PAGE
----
Sea level rise can be difficult for climate models to accurately predict because there are so many different variables driving climate change.
However, one thing that climate researchers agree on is that even if the Paris Accord goals are met, we can expect to see at least to 2 to 4 feet of sea level rise by 2300.
While studies that focus on sea level rise often emphasize the risks posed to coastlines and beaches, new research found that rising waters will cause cliffs along Southern California’s coast to experience serious erosion.
The study was conducted by researchers from the United States Geological Survey (USGS) and the results show that 300 miles of coastal California cliffs could erode twice as fast as normal by 2100 and lose 135 feet of bluff top.
To put that into context, Patrick Barnard, a USGS geologist, explained the seriousness of erosion by calculating how many tons of sand and rocks would be shed from the cliffs.
“It’s a huge volume of material,” Barnard told the Washington Post. “We place this in a context of dump truck loads. It would be 30 million dump trucks full of material that will be eroded from the cliffs.”
Thousands of homes and properties currently sit atop those cliffs and serious levels of erosion could cause billions of dollars in damage and displace residents.
To estimate erosion and sea level rise, the researchers modeled different sea level rise scenarios for 2100 with levels ranging from one and a half feet to over six feet.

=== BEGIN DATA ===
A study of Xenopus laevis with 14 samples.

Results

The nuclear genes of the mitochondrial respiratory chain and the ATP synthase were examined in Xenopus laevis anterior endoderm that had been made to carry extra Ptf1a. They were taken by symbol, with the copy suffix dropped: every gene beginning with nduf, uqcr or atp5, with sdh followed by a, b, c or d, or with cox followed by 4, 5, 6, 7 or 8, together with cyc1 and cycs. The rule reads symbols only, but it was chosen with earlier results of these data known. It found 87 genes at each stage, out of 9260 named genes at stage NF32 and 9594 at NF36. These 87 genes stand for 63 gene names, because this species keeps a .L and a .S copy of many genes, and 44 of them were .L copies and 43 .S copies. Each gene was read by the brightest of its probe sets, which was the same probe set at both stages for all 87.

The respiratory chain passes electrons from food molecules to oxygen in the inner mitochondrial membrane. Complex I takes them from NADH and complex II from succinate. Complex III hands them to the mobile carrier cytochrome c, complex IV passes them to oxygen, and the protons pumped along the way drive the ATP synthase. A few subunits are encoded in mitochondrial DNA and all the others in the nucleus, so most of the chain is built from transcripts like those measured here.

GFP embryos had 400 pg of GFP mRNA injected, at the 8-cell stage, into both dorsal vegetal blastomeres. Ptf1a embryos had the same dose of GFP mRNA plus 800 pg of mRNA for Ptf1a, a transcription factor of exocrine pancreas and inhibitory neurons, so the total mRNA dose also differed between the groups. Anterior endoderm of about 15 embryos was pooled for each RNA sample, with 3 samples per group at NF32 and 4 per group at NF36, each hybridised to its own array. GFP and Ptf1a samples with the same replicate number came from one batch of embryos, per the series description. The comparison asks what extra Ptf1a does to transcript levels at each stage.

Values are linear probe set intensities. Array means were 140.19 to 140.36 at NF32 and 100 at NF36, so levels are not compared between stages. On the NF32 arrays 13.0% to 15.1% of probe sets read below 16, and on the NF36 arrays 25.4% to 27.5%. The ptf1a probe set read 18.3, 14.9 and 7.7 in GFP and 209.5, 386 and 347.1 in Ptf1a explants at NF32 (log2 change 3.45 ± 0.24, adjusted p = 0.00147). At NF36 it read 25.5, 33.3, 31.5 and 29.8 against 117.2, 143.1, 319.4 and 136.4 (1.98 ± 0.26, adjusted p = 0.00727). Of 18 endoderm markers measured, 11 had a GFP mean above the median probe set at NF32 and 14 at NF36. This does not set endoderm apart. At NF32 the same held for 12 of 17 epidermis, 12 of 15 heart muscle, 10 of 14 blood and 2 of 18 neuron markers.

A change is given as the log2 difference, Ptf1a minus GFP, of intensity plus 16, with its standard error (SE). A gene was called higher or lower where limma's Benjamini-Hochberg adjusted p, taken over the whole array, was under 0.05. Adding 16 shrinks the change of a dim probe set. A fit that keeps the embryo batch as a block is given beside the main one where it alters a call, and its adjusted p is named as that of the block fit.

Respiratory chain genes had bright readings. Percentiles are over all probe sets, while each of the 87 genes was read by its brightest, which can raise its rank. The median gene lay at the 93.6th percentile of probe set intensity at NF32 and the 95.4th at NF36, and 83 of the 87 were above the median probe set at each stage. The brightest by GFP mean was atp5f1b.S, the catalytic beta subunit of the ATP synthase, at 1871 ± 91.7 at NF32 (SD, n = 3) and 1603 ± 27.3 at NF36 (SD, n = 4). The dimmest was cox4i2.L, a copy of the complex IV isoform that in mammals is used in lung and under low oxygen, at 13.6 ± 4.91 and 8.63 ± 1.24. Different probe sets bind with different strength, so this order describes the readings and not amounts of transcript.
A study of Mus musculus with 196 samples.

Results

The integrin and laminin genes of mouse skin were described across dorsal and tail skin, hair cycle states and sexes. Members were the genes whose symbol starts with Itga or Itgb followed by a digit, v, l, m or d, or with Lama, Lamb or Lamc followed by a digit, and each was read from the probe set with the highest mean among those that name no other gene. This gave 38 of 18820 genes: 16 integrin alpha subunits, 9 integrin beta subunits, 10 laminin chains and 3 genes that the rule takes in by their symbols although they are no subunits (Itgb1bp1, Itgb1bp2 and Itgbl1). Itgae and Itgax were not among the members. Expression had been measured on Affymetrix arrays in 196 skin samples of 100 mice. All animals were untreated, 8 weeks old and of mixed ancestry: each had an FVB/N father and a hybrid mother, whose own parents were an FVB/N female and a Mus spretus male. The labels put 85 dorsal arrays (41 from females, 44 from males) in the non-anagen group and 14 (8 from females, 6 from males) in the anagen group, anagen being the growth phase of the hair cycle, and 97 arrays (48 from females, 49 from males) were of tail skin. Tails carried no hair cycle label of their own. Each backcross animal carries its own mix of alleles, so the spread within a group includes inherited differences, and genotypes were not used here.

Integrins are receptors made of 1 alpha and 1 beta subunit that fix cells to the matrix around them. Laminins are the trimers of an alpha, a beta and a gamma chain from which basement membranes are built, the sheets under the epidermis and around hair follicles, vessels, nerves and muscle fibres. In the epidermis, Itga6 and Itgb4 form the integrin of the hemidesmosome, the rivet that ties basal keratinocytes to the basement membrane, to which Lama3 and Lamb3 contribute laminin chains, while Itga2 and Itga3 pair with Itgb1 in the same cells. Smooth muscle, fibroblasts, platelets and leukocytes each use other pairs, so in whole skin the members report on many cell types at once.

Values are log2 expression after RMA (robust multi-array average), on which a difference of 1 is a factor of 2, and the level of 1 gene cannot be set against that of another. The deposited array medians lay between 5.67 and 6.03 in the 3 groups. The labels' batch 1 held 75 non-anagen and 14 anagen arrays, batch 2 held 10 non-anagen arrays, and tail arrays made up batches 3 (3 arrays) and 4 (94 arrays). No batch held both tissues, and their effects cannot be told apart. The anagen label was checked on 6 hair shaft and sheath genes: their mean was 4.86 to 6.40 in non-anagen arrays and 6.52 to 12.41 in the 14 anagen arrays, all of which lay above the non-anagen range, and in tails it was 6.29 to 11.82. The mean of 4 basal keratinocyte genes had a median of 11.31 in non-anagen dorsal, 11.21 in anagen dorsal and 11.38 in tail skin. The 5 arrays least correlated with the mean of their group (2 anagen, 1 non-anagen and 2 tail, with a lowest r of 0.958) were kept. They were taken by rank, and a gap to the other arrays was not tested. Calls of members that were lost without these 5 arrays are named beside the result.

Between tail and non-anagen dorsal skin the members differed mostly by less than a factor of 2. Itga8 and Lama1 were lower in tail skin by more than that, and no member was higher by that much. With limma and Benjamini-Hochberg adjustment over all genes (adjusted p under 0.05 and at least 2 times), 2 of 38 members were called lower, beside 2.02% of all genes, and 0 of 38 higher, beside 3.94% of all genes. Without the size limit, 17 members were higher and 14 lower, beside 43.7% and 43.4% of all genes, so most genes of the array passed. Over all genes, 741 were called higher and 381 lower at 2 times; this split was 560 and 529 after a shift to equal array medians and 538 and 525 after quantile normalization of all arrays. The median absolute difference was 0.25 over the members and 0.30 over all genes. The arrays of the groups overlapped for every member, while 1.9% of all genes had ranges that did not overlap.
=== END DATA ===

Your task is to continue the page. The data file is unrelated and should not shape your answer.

Next, the researchers used models to predict how the cliffs would respond to sea levels rising including crumbling and found that 300 miles of cliffs could lose anywhere between 62 and 135 feet.
The erosion puts California in a precarious position, either focus conservation on the bluffs or beaches.
Cliff erosion could be good for the beaches because it would provide much-needed sand and material to prevent beach erosion but the costs of damage and displacement would take a heavy toll.
“Coastal change, cliff retreat, sea level rise, and extreme storms could expose more than 250,000 residents and $50 billion in property to erosion or flooding in Southern California by the end of the century,” said Barnard.
The researchers note that there is a good deal of unpredictability when it comes to sea level rise and erosion and the study only presents potential scenarios.
How California’s cliffs will respond to sea level rise is not well understood and more research is needed in order to dictate appropriate conservation measures.